The scientific revolution in the 16th century was one of the biggest societal shifts in human history, driven by the discovery of new and better methods of figuring out who was right and who was wrong.
Julia Galef – a well-known writer and researcher focused on improving human judgment, especially about high stakes questions – believes that if we could develop new techniques to resolve disagreements, predict the future and make sound decisions together, we could again dramatically improve the world. We brought her in to talk about her ideas.
Julia has hosted the Rationally Speaking podcast since 2010, co-founded the Center for Applied Rationality in 2012, and is currently working for Open Philanthropy on an investigation of expert disagreements.
This interview complements a new detailed review of whether and how to follow Julia’s career path
We ended up speaking about a wide range of topics, including:
- Her research on how people can have productive intellectual disagreements.
- Why she once planned on becoming an urban designer.
- Why she doubts people are more rational than 200 years ago.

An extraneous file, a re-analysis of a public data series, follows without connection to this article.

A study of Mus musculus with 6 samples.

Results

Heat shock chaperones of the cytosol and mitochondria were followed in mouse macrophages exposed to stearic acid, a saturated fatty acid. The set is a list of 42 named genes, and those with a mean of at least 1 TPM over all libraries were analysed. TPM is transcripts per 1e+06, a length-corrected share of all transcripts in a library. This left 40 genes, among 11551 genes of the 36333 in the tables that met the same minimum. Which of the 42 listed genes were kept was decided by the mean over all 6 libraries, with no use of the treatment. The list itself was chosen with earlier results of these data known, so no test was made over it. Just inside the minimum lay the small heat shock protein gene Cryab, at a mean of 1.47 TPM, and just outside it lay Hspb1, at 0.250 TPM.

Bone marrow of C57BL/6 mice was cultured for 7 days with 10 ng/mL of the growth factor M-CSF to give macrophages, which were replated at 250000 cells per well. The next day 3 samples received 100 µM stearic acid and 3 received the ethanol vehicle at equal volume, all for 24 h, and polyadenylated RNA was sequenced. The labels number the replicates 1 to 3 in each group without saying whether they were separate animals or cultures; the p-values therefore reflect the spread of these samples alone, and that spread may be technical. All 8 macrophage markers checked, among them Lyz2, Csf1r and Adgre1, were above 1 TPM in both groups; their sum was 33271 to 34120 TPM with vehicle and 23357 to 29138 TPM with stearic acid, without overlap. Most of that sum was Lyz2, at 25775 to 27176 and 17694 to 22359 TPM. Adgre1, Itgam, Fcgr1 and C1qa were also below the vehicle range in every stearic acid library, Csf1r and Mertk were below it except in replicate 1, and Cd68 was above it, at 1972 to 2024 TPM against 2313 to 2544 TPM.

- What the effective altruism community is doing wrong.
- What makes her a fan of Twitter (while I think it’s dystopian).
- Whether more people should write books.
- Whether it’s a good idea to run a podcast, and how she grew her audience.
- Why saying you don’t believe X often won’t convince people you don’t.
- Why she started a PhD in economics but then quit.
- Whether she would recommend an unconventional ‘public intellectual’ career like her own.
- Whether the incentives in the intelligence community actually support sound thinking.
- Whether big institutions will actually pick up new tools for improving decision-making if they are developed.
- How to start out pursuing a career in which you also try to enhance human judgement and foresight.